This week’s Parsha relates the story of how Rivka became Yitzchak’s wife. Avraham didn’t want Yitzchak to leave Eretz Yisrael, and instead sent his trustworthy slave Eliezer to find a wife for Yitzchak from among Avraham’s relatives back East.
Eliezer asks Avraham (Ch 24:vs 5), “Perhaps the woman (meant for Yitzchak) won’t want to return with me?” Avraham responds that under NO circumstance was Yitzchak to leave Eretz Yisrael, and that Eliezer would not be held accountable for the failure of his mission in such a case.
RASHI points out that the word “Perhaps” (“oolai”) is usually spelled with FOUR letters – ayin, vav, lamed, and yud but that in THIS instance it is spelled WITHOUT a vav. In such a case, the word ayin, vav, yud can be pronounced “aylai’ as well as “oolai”. Oolai would be translated as “perhaps”, but aylai would translate as “for me”. RASHI says (Ch 24:vs 39), that Eliezer was giving us a dual message. That while he wanted to fulfill his mission for his master Avraham, he was a little bit disappointed that now Eliezer’s own daughter – whom he wanted to be Yitzchak’s wife and a matriarch of the Jewish people – would be denied that possibility once and for all.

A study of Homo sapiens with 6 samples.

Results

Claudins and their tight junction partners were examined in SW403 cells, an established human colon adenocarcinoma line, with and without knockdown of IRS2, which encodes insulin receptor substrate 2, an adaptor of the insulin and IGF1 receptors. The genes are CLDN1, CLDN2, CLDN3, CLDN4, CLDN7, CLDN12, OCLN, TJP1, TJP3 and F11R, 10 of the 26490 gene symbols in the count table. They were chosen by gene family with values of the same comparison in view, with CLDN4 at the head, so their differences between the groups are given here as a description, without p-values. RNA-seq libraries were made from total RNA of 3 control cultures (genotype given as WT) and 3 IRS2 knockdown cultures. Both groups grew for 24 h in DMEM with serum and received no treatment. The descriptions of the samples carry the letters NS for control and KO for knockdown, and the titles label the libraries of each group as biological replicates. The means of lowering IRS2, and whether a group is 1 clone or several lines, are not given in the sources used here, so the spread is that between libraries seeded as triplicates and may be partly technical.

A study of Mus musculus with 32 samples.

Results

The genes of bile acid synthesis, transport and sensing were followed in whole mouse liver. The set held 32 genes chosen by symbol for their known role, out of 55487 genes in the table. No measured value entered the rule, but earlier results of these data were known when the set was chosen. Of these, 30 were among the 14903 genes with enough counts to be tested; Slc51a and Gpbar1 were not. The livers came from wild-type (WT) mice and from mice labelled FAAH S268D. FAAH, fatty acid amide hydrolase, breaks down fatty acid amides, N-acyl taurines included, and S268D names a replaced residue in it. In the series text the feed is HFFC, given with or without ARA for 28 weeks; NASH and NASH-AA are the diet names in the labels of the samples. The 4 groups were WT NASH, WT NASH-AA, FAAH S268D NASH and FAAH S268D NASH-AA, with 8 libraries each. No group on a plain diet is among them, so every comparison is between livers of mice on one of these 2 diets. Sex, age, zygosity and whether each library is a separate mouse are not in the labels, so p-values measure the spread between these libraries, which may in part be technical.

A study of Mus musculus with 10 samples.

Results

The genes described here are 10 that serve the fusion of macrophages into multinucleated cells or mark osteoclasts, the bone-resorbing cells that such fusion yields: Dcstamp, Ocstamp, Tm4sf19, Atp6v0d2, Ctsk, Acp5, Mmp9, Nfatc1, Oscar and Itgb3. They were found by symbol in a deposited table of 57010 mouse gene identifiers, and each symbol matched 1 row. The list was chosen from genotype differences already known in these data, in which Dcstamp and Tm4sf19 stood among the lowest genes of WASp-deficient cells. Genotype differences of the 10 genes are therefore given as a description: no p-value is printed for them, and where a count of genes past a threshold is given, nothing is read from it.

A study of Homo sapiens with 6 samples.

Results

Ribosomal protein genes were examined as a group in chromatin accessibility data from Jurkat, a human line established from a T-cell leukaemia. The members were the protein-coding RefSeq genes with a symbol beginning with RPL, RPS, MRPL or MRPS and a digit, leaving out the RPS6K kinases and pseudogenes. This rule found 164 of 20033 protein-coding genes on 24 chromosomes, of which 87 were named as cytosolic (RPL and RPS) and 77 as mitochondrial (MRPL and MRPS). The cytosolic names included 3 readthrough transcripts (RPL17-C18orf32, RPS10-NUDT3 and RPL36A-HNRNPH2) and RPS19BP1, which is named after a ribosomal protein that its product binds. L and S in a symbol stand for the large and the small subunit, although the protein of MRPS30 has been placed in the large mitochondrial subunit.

But the great Chassidic Master known as the Kotzker points out a problem. The story in this week’s parsha is actually told TWICE, once when the Torah tells us the story and again when Eliezer repeats the story to Rivka’s family. But the spelling of “oolai” – perhaps – in a way that can be read as “aylai” – for me – only happens in the REPETITION of the story! In the first telling, it’s spelled ayin, vav, lamed, yud, and can ONLY be read as “perhaps”, and NOT as “for me”. The Kotzker says that this tells us something very powerful about our own hidden subjectivity. It’s telling us that when Eliezer first went on his mission(Ch 24: vs 5), he was totally unaware of his unconscious desire to fail in bringing Rivka to Yitzchak. He thought that he was totally focused on succeeding in his mission. Only AFTER he succeeded in fulfilling his mission did he become aware that a tiny part of him was disappointed in his success.
We, too, should always remain aware of the duality within ourselves – in our
“BOTH”ness – and thereby understand ourselves on a much deeper level.